A Fine “Jugalbandi”, But….
A Fine “Jugalbandi”, But…. By MOHAN NADKARNI
The Economic Times, November 1, 1987
It is comforting to find that Bombay Doordarshan has embarked on a series of programmes based on Hindustani music, designed to highlight young and conspicuous talent of vocalists and instrumentalists.
Doubly so, because it comes at a time when building but gifted youngsters seldom find adequate representation in the performing schedules of major musical events that come and go, rather ritualistically, as “sangeet sammelans” in metropolitan places such as Bombay, Calcutta and Delhi.
I have never been an avid TV watcher. First, my choice is restricted mainly to programmes of classical music, secondly, I am an early riser, and I find that watching concerts featured in the late hours of the night do no suit my daily routine, however celebrated the artiste. My delight is therefore all the greater, because the newly started TV series is featured in the early hours of the evening. Each is a half-hour programme and held on the fourth Wednesday of every month.
The latest one, titled “Subaddha Sangee”, presented Milind Chittal (28) and Shivanand Patil (27) in jugalbandi. The repertoire comprised six popular evening and night melodies. The formal of the feature, conceived and produced by the redoubtable Suhashini Mulgaokar, was novel and interesting. It began with a joint singing in Kalavati by the young duo. The tall-piece was also a duet, in Basanat. In between came brief, tidy drut rendition in solo. There were four ragas, namely, Marwa, Patdeep, Yaman–Kalyan and Bageshri, which the artistes rendered by turns. This section was titled, rather intriguingly, “Raga Sagar”, but more about this, later in this column.
My interest in the programme lay in the quality of performance of the artistes. And I gave them three cheers for their splendid effort. For, pairing in music – quite contrary to popular belief – is a pretty difficult device, and it calls for patient practice and a close understanding between the partners to put through a successful effort.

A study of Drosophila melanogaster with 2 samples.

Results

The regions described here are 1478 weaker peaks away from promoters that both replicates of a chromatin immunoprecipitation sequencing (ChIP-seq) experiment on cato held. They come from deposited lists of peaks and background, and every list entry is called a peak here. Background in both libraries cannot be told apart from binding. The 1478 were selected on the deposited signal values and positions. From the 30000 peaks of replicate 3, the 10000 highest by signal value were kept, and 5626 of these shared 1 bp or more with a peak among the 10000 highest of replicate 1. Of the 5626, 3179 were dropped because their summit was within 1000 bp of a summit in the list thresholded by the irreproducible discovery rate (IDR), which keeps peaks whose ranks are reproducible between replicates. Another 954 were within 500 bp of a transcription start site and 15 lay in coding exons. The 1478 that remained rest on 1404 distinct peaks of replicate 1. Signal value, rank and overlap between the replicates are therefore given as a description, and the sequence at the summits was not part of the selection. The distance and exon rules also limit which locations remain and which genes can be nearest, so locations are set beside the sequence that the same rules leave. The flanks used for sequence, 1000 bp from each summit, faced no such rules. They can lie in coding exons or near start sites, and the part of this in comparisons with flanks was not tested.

Both in Kalavati and Basant, the singers showed a meticulous attention to form and correct insight into the individual modal character of their ragas. While Chittal preferred to unfold the slower phases of depiction, Patil showed greater vigour and animation in the faster movements. Yet, both lent a happy poise and balance to their jugalbandi.
By the same token, Chittal’s solo items in Marwa and Yaman-Kalyan and Patil’s Patdeep and Bageshri reflected their individual temperamental make-up as much as their high aesthetic sensibilities. In sum, “Subaddha Sangeet” was a concert that proved enjoyable and memorable, too, in its own right.
Now, coming to the title of the feature. I am afraid “Raga Sagar” is a misnomer. Terms like “Raga Sagar”, or “Raga Mala”, or “Ragamalika” imply a collective presentation of a string of melodies, related or unrelated, in the course of a single composition. In the process the composition, as an integral musical piece, comes to assume the variegated character of a garland, in which one finds an uncanny fusion of the chosen melodies. If the composition involves depiction of a great number of ragas, it is conventionally known as “Raga Sagar”.
In the case of the programme under review, what emerged was a totally different sound-picture. Mere juxtaposition of just four melodies, sung alternately and in solo by two artistes, through distinct and different bandishes, simply does not add up to a “Raga Sagar”. If anything, the programme served to highlight, and justifiably, the talent of the singers as perceptive soloists.
And finally, it has been my experience that it is in the joint presentation of a khayal vilambit and drut in a chosen raga that the performing caliber of the singing partners is best highlighted, in terms of their solo as well as individual contribution. I feel the concert could have made a far greater impact if Chittal and Patil were billed to present a single melody in khayal vilambit and drut, say, for about 25 minutes, followed by another brief raga composition in the fast tempo, to round off.
The accompanying ensemble comprised veterans like Iqbal Hussain (sarangi), Tulsidas Borkar (harmonium) and that young and adroit percussionist, Omkar Gulvady. Chandrakanat Kapileshwari’s compereship was just passable.
A word about the main artistes. Both Chittal and Patil are highly educated. But they are no professional artistes in the conventional sense. They are well-placed in their respective jobs. It therefore speaks of their talent and dedication that they have managed to undergo long and fruitful professional grooming in classical music from contemporary masters of many leading gharanas and also achieve a delicate and difficult balance between the compulsions of their work-a-day life and the equally compelling urge for a worthwhile musical career.
Incidentally, both have been AIR broadcasters since their student days, and there is no reason why they should not find place in regular concerts on the public platform.
All in all, Bombay Doordarshan deserves encomiums for its imaginative venture. Features like “Subaddha Sangeet” (can’t its frequency be accelerated?) should prove to be a launching pad for talented youngsters to make it to the public platform.